NEWS-SENTINEL EDITORIAL: #Fakethreats? This is time for zero tolerance

School shootings are no joke. And anyone playing fast and loose with their comments on social media or in any other way following the mass killings in Parkland, Fla., on Valentine’s Day should be prepared to face serious repercussions.

News-Sentinel.com reporter Kevin Kilbane reported two incidents last week that affected schools locally, both of which could have been just a “joke.”

But nobody has been laughing.

One incident Thursday at Woodlan Jr.-Sr. High School involved a 14-year-old boy who posted, “I’m shooting up Woodlan” on his Snapchat social media account. There was no shooting and maybe not even any real threat. But there was panic at the school, according to the police report, and the student was arrested on a charge of intimidation and taken to the Allen County Juvenile Center. He reportedly said he posted the threat as a joke.

Kilbane also reported on an alleged threat Thursday posted originally on Facebook that set off school and law enforcement investigations at Snider High School as well as other schools around the country with the initials SHS. The posting said he or she would be bringing a gun to the “SHS” school that day, and people should “be prepared to hear shoots (the person’s wording).”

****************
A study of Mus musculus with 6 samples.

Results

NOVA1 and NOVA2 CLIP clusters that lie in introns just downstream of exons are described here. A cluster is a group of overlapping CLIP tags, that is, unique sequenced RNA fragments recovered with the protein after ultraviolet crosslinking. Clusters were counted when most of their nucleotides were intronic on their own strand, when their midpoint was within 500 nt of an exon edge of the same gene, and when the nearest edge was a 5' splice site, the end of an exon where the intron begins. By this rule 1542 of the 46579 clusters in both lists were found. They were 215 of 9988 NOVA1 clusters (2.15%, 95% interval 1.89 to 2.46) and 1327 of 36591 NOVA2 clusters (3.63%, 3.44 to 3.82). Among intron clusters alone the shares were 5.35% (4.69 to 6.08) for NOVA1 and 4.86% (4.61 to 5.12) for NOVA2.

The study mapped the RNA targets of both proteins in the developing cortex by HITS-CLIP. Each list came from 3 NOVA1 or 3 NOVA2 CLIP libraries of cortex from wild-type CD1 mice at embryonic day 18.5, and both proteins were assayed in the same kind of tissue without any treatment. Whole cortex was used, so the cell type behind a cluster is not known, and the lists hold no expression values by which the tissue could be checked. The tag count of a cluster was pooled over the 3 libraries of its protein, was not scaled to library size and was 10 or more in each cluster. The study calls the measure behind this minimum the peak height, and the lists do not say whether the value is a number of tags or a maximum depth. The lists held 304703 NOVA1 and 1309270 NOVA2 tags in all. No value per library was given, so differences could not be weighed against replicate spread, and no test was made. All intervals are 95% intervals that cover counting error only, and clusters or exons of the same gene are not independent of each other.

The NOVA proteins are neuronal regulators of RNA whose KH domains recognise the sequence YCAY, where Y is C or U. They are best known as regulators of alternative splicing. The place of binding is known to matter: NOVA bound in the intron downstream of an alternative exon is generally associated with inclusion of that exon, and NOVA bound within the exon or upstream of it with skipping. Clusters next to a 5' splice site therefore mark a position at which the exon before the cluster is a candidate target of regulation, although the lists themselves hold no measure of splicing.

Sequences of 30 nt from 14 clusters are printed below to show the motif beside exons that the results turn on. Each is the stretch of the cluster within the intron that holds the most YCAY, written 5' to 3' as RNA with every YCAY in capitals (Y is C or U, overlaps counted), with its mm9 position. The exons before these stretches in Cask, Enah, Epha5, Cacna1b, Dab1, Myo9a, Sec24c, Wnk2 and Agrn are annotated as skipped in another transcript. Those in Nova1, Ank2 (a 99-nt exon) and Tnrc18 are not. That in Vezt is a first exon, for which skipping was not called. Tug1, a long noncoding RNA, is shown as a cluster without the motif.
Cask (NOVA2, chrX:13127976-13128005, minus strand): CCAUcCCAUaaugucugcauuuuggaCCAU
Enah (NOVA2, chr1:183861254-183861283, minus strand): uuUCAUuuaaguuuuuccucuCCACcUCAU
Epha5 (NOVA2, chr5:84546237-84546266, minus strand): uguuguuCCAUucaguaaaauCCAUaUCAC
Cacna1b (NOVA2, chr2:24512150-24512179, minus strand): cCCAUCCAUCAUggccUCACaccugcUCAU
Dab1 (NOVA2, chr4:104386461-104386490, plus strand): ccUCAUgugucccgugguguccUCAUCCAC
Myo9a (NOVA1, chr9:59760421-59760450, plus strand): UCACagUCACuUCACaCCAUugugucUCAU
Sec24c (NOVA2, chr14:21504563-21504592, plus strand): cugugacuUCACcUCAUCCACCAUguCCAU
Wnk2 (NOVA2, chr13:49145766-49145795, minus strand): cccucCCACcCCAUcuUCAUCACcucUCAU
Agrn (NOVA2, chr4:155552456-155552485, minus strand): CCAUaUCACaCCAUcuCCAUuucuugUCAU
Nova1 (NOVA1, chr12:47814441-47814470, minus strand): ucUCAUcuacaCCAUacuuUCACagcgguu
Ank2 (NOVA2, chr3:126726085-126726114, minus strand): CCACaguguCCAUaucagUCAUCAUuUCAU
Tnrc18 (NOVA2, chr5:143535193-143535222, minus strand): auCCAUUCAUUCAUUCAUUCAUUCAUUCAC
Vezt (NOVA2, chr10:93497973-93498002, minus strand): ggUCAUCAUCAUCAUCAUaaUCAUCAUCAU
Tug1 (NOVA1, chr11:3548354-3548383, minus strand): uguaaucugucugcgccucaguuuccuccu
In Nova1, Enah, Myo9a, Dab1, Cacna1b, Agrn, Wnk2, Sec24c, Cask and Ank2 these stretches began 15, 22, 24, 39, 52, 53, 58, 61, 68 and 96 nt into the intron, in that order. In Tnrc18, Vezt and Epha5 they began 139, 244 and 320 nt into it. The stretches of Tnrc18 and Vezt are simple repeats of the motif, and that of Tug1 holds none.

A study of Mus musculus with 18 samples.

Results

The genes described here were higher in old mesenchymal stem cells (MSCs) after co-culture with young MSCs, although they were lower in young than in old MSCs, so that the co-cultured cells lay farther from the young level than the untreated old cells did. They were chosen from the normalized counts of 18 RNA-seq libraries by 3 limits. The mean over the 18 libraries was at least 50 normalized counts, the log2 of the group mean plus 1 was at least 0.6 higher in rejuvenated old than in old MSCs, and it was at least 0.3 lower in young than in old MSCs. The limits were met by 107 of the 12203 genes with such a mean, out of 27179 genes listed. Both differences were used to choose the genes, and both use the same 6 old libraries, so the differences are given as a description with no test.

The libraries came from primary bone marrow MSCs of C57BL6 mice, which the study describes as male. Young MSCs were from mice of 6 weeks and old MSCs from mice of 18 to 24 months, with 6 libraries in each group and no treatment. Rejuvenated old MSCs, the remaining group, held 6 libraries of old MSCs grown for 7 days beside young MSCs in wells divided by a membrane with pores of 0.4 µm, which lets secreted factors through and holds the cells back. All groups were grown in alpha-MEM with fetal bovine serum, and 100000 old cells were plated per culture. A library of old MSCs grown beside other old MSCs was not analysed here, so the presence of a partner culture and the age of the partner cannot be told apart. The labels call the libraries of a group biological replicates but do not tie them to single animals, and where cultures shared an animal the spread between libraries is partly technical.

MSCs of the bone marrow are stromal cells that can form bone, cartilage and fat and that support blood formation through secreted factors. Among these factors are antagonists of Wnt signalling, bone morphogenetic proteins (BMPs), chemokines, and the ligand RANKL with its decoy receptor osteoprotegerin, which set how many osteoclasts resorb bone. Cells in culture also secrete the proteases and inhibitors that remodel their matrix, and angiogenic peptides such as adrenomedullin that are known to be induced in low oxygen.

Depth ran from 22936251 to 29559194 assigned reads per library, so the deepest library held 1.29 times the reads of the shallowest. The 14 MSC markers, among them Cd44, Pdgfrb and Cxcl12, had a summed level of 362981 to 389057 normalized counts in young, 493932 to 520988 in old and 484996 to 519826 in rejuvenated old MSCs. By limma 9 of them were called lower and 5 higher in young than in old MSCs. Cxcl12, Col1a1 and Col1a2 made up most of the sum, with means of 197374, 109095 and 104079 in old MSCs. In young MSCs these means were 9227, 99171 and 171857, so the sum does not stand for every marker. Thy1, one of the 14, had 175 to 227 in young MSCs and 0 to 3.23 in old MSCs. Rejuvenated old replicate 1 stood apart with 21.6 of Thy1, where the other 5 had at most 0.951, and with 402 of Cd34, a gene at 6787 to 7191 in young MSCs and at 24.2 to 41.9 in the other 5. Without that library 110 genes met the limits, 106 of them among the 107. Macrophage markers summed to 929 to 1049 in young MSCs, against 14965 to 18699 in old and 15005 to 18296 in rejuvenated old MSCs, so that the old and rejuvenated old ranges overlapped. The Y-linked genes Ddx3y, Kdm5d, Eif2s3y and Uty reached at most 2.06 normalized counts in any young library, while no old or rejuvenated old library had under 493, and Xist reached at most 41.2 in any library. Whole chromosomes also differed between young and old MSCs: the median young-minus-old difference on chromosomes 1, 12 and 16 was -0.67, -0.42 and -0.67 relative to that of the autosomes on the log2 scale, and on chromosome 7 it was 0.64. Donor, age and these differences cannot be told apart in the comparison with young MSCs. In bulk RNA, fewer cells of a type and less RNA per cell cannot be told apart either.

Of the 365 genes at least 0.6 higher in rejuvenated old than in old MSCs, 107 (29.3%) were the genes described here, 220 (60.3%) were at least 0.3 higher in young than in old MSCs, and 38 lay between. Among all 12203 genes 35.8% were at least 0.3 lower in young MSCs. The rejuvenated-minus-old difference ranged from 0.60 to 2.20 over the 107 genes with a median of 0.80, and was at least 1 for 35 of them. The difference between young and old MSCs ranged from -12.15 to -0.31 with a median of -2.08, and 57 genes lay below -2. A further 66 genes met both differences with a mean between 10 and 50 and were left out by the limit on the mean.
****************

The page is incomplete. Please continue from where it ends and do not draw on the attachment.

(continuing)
Fort Wayne Community Schools said no guns were found at any FWCS school, no students were arrested and no schools were on lockdown. Fort Wayne Police Department investigators determined the post was made in Ohio.

Now is past time for parents and teachers to confront their children about the seriousness of the scourge of school shootings throughout the country. They need to be warned that making anything resembling a threat in any way can and should set in motion a firestorm of responses to intervene before any such threat could become action.

This is a time for zero tolerance.

The Associated Press reported last week that the Ohio-based Educators School Safety Network recorded about 50 threats a day on average nationally since the shooting in Parkland, Fla. — five times more than normal.

The AP reported that two days after the Florida shooting, a school security officer overheard a student saying he was “going to shoot up” El Camino High School in Whittier, Calif. That 17-year-old student claimed it was a joke, too, but a search of his home turned up two AR-15 rifles, 90 high-capacity magazines and two handguns.

Los Angeles County Sheriff Jim McDonnell, who heads the nation’s largest sheriff’s department, told AP there is a “need to take every potential threat seriously.”

Broward County deputies in Florida say they received at least 18 calls warning them about Nikolas Cruz from 2008 to 2017, including concerns that he “planned to shoot up the school.” He’s accused of killing 17 people on Feb. 14. Somebody there dropped the ball.

Be thankful our local authorities responded to the Woodlan and SHS threats as they did.